Omurice is a Western-influenced Japanese dish (also known as yoshoku), consisting of ketchup fried rice wrapped in an omelet, and typically, the omurice is topped with more ketchup or sauce. Omu comes from French word omelette, while rice is pronounced raisu in Japanese. During the Meiji Era, Westernization started to influence different aspects of Japanese culture, including food culture. Today, omurice is often a homemade dish that mothers make for their children. It is one of the most popular yoshoku dishes and recalls fond childhood memories. So, if you love eating eggs and fried rice and want to try out diverse types of omurice, don’t miss out the following restaurants with the best omurice in Tokyo!

Best Restaurants for Omurice in Tokyo

1. Rengatei

Some believe that yoshoku culture originated from Rengatei in Ginza. Rengatei, a pioneering restaurant specializing in yoshoku, was established in 1895. Unlike most omurice in Tokyo, their fried rice is not wrapped in an omelet but is instead cooked together with the eggs. It’s a simple dish and it presents the original taste of the ingredients. The simple and classic taste may be the reason why Rengatei has continued to operate for over a century. Come here for the original omurice in Tokyo!

2. Restaurant Azuma

Want to see how omurice is cooked? Restaurant Azuma has the omurice for you! Their omurice is made fresh in front of customers, and the restaurant allows video-filming so you could capture the cooking technique. You can then try to cook omurice on your own at home. The price (3000 yen) may be high but it’s worth it for someone who is into cooking Japanese food. The chicken fried rice is served in a dolphin shape, covered in gooey scrambled egg, topped with a few green peas, and drizzled with the demi-glace sauce, and it’s done!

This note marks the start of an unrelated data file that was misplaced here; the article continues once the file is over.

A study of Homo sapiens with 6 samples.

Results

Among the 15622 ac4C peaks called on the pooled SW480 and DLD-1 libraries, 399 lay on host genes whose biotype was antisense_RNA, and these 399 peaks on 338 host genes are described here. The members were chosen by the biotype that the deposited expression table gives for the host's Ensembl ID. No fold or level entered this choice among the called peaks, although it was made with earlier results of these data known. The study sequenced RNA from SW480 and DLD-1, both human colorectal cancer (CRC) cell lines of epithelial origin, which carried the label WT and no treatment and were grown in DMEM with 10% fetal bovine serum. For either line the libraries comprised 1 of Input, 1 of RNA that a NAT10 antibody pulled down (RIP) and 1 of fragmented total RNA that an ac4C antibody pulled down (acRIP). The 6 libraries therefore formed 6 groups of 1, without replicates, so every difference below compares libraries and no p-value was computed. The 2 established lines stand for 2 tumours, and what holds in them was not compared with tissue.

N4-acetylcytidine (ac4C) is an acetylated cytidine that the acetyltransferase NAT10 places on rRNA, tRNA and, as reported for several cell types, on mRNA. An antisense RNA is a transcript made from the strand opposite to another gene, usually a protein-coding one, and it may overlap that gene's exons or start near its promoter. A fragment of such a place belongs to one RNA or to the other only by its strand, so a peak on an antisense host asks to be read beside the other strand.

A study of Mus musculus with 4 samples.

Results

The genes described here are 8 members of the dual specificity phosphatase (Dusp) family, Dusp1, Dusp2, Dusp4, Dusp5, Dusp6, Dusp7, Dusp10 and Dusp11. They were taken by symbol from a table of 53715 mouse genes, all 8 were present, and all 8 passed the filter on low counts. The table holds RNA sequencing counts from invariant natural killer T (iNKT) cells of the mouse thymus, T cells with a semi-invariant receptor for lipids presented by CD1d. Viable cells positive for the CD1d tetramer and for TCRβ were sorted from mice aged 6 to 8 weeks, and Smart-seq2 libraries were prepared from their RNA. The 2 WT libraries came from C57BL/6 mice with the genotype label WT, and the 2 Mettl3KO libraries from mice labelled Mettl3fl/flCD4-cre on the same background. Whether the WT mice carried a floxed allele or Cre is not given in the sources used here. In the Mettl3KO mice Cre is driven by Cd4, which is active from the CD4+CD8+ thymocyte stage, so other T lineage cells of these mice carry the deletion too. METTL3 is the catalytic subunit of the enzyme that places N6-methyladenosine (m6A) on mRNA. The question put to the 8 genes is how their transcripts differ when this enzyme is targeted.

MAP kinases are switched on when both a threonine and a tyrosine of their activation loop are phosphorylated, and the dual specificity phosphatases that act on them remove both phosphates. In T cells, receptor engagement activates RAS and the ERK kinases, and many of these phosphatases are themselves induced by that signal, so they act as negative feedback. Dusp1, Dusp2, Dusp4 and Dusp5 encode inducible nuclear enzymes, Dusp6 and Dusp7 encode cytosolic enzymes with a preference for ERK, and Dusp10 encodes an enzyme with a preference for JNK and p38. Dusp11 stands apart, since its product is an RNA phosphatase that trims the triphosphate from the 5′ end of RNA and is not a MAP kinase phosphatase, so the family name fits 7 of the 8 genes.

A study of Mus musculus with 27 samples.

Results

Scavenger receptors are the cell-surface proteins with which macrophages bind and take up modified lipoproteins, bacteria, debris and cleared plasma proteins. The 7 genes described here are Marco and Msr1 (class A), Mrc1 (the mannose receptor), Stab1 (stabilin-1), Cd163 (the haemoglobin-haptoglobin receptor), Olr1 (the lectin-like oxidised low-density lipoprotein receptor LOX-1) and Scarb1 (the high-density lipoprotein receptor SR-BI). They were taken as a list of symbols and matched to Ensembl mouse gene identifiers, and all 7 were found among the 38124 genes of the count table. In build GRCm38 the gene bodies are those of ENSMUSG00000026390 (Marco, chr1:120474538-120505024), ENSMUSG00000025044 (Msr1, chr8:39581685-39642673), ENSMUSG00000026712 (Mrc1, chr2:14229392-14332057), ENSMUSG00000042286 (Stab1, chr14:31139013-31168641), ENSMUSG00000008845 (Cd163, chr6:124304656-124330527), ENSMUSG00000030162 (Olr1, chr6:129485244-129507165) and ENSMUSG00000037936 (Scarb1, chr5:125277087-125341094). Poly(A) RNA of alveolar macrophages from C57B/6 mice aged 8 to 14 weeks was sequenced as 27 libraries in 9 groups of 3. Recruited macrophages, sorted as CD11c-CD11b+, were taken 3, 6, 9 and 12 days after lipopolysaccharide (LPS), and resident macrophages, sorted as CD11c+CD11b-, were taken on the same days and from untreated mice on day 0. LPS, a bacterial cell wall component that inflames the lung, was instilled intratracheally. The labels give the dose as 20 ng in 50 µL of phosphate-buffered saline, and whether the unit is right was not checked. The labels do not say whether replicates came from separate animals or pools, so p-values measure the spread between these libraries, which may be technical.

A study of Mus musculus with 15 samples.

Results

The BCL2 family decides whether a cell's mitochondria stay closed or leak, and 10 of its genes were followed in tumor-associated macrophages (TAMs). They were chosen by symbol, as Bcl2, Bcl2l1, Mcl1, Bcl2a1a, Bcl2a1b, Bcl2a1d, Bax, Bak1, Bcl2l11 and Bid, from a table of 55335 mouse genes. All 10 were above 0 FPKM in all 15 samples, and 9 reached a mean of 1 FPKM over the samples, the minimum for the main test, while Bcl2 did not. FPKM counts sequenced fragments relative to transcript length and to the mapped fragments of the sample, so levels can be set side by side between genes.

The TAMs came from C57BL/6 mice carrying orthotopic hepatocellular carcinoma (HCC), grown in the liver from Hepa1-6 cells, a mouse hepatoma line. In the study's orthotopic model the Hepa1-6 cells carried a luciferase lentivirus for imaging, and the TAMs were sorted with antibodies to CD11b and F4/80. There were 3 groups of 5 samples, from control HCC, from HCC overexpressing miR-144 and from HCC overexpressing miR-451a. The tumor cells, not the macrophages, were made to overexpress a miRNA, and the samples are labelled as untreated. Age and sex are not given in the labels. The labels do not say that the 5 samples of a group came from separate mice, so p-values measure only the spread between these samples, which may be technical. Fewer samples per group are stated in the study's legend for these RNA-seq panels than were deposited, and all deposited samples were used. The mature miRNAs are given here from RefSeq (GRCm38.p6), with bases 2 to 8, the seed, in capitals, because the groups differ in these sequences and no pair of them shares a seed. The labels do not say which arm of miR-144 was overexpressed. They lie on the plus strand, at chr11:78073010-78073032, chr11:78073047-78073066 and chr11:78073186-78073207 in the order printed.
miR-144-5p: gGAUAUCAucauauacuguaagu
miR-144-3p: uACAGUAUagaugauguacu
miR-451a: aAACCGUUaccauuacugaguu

Restaurant Azuma

3. Taimeiken

Taimeiken has been established for over 80 years and it takes the lead of bringing Western elements into Japanese dishes. One of their signature dishes is tampopo omurice. Unlike Rengatei's omurice, the omelet is placed on the top of fried rice rather than cooked together with it. Tampopo is the Japanese word for dandelion, so called because the oozy omelet blossoms like a flower when sliced. Tampopo omurice truly is a visual feast. 

It only takes you one-minute walk from Nihonbashi station to get there. The first floor is a more casual eatery with more affordable prices, while the second floor is a traditional restaurant. No reservation can be made on the first floor, which means it is unavoidable to wait in a long queue during peak hours. It may take time to wait, but the taste is worth it. 

4. Ailnoir

Ailnoir is certainly a new style of omurice in Tokyo. The restaurant emphasizes the use of organic ingredients. The omelet layer of their fuwafuwa (fluffy) omurice is made of foamy beaten egg white, filled with air bubbles. The omurice is then served on a sizzling iron plate. In one bite, you can experience a variety of textures: the half-cooked creamy omelet on the top and a crispy fried egg at the bottom.

Frontage of Alinoir shop

5. Azabu Shokudo

Azabu Shokudo is famous for its perfectly-portioned omurice. Customers can choose demi-glace sauce, white sauce, or tomato sauce, based on their preference. For those who have never tried omurice before, go for the traditional tomato sauce. The ketchup-seasoned fried rice wrapped with a golden omelet is a classic, the acidic taste of tomato sauce complements the rich flavor. The omurice braised with demi-glace sauce carries a strong aroma, creating a harmonious taste together with vegetables and chicken fillings. Meanwhile, it is rare to see omurice in Tokyo coated with white sauce and, surprisingly, the shallot sprinkled on the omelet pairs well with the white sauce.

6. @Homecafe

@Homecafe is a famous maid cafe located in Akihabara. Some may wonder what’s special about omurice in maid cafes. It’s the classic home-style omurice, infused with moe-culture. Maids will draw cute pictures with ketchup on your "Pipiyo-Piyopiyo Hiyoko-san Rice." Customers can request the maids to draw any characters they like. Before eating the omurice, the maids ask customers to chant the magic words "moe moe kyun" in order to make the food more delicious. You will enjoy an unforgettable experience, an overload of cuteness!

Kawaii omuraice


Liz is from Hong Kong. Currently, she is studying in Tokyo. She likes eating and taking food photos. She is also interested in learning how to cook. She believed that food could bring people happiness.